How can design solve environmental issues? This is the question that Catherine Geel wanted to address in the French section of the XXII Milan Design Triennial, which opened its doors on 1st March. Meet this historian, an editor and researcher from the Design Research Centre, who is curating the exhibition.
The French exhibit “From Thought to the Visible. Design as a large ring” brings together 9 projects by designers: David Bihanic and his NASA ‘Big Data’ visualizations, Samy Rio and his new approach to design using materials from invasive plants following a study on bamboo, or Astrid de la Chapelle, Sarah Garcin and Pauline Briand and their story around the history of Easter Island.
The XXII edition of the Milan Triennial is called “Broken Nature”. How do you interpret this theme?
Paola Antonelli, a curator at MoMa, who suggested this theme this year, wanted designers in the broadest sense – from city planners to architects – to explore what can still be recovered today of our ties to nature. This theme, apart from being intensely topical, has a second major appeal: it makes it possible to consider designers not only as producers of consumer objects but as philosophers and practitioners: they initiate and participate in complex projects on a larger scale, in this case environmental and societal issues for example.
What story did you want to tell through the 9 projects presented?
The designer, who begins as a generalist, has always been obliged to embrace a large amount of data, facts and interactions with all kinds of different professions (craftspeople, engineers, political scientists, semioticians, scientists, sociologists, etc.). With the challenges of projects related to nature and ecology, this circle is becoming ever wider. The data points are even more numerous and much more complex.
The question behind the concept of a “large ring” is how designers can inspire themselves and find a renewing energy in this data. French designers are often engaged in processes that are too solitary, not sufficiently well-recognised, while the design project is also a social form which they implement. French designers work with scientists of all nationalities, local players, people from across continental France, the overseas territories, around the world and while considering the globe as a whole. They go back and forth between the field, the laboratory and their workshops; designers become intermediaries who enable understanding and organise the mediation of a certain amount of complex data which must be dealt with. This French section shows us how they interpret and act on the complexity and fragility of our world.
How are these projects innovative?
The drive for innovation is primarily economic: we are all forced to use this term, but it seems to me that it should be handled with caution in this context. An old recipe can be innovative! When Marie-Sarah Adenis, together with engineers, biologists and chemists, comes up with a cycle of bacteriological production that produces pigments and can revolutionise the textile industry by eliminating the use of petroleum derivatives, that is a great innovation and, additionally, creates economic value.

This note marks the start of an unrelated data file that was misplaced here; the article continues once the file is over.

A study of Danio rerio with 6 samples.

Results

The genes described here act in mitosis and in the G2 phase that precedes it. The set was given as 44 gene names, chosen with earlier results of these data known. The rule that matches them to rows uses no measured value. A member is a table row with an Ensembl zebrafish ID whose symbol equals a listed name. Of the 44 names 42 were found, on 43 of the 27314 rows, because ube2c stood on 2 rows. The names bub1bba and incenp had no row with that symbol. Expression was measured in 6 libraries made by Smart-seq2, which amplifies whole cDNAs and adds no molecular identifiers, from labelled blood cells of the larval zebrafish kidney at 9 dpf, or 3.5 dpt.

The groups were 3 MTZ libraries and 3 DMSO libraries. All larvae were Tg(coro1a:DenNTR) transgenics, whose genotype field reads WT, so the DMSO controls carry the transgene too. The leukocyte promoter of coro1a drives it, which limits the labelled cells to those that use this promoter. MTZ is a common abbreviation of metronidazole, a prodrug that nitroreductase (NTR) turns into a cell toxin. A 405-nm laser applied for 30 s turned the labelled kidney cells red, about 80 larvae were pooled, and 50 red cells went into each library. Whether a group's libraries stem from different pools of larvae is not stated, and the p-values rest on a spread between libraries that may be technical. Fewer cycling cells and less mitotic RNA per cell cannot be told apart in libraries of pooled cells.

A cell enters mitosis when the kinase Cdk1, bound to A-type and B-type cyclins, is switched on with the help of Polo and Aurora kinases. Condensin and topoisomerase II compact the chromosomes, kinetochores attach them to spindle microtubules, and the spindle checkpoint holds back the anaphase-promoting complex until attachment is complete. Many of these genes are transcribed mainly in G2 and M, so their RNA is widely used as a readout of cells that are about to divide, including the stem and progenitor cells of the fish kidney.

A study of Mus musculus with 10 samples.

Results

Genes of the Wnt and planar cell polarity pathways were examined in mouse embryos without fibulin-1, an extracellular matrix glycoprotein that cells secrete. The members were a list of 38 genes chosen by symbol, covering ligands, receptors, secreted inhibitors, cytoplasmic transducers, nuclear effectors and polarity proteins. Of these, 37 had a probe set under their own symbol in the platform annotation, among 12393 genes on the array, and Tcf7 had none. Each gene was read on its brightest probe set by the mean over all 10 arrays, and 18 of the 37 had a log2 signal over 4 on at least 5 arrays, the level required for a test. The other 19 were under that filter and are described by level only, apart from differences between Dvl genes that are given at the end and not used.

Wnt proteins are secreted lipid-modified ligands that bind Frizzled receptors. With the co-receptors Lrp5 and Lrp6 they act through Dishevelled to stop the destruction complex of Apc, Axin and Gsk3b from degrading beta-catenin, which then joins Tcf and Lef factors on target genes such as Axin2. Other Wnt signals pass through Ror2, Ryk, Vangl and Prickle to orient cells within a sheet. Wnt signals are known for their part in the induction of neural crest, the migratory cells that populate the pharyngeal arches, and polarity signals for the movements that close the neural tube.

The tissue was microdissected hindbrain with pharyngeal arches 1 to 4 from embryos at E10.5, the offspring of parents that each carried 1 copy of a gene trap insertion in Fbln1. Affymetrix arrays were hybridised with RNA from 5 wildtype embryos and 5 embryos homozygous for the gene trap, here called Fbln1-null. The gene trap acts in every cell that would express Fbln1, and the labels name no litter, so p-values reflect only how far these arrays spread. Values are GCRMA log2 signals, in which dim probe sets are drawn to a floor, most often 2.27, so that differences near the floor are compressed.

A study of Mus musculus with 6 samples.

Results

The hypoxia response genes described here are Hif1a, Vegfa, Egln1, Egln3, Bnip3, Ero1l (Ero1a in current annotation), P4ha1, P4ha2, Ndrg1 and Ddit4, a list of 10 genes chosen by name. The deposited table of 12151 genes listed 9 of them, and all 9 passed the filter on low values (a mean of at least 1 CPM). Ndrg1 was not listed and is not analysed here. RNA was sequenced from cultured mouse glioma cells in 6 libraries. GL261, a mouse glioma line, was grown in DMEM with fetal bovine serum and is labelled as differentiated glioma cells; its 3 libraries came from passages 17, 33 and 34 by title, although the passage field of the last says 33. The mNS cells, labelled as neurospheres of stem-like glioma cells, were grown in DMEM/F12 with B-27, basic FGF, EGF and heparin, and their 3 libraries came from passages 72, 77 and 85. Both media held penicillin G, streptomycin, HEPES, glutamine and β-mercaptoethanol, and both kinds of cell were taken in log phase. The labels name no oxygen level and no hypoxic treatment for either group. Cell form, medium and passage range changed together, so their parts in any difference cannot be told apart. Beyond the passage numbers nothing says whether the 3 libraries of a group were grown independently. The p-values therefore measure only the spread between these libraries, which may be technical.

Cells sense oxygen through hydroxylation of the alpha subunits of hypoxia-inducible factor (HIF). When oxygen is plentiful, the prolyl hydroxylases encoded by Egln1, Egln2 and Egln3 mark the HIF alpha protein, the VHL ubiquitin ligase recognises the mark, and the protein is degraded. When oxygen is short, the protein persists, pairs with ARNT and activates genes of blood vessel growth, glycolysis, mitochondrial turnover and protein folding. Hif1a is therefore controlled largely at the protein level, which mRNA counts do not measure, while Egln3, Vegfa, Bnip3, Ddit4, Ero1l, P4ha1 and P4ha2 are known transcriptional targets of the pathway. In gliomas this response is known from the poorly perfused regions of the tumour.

However, I believe that David Énon’s project, which seems to be the antithesis of this type of research, also works in terms of innovation. With modest resources, a low-tech technique and a very long process in coastal areas, he organises the production of elements thanks to the chemical phenomenon of accretion through which coral grows around steel skeletons.
How is the French section presented?
I decided to call on Karl Nawrot, a graphic designer whose great skills include projecting his drawing and thinking in space. Sophie Breuil, a designer, and Block architects then built and developed this intuitive design and planned its path. It is a very large model extending over 45 m2 on which the designers’ projects are symbolically represented.
For each project a film was produced by the designers themselves, in order to recontextualise each project in reality. Using the English model of a “reader”, each project is accompanied by a theoretical extract of writing from a French thinker chosen from among texts we are also editing, such as Georges Bataille or Michel Serres. This section is a little still, quite poetic and contemplative. Here, we aren’t present an object, but rather a landscape.
What do you think the place of French design is internationally today?
I say this all the time: in France, while there is no such broad tradition of design such as that which be found in many countries – particularly in the UK – there are, nevertheless, designers. Whether in the design of furniture or luxury crafts, France has a real tradition. However, on the research side, we are in a much lower position, perhaps even behind in terms of the development of technical resources and the resources allocated. Research, which recognises and follows the directions given to us by the state of the world, must question the heart of design not only when it comes to issues of form or of “design thinking”, but also regarding the unique modalities of designers’ methods or perspectives.
Can we say that this French section is a vision of the future?
It is more a reflection on the current state of affairs, which is a moment of great disruption in which many small modalities of action are taking shape. With these projects I am saying that there will be no overall solution. If it is of interest to us, then yes, we will find targeted and local means of action.
In the face of the climate emergency, what is the biggest challenge?
Changing our lifestyles is today’s biggest and grandest challenge.
The XXII Milan Design Triennial runs from 1st March to 1st September 2019. The French section of the Triennial is implemented by the Institut français.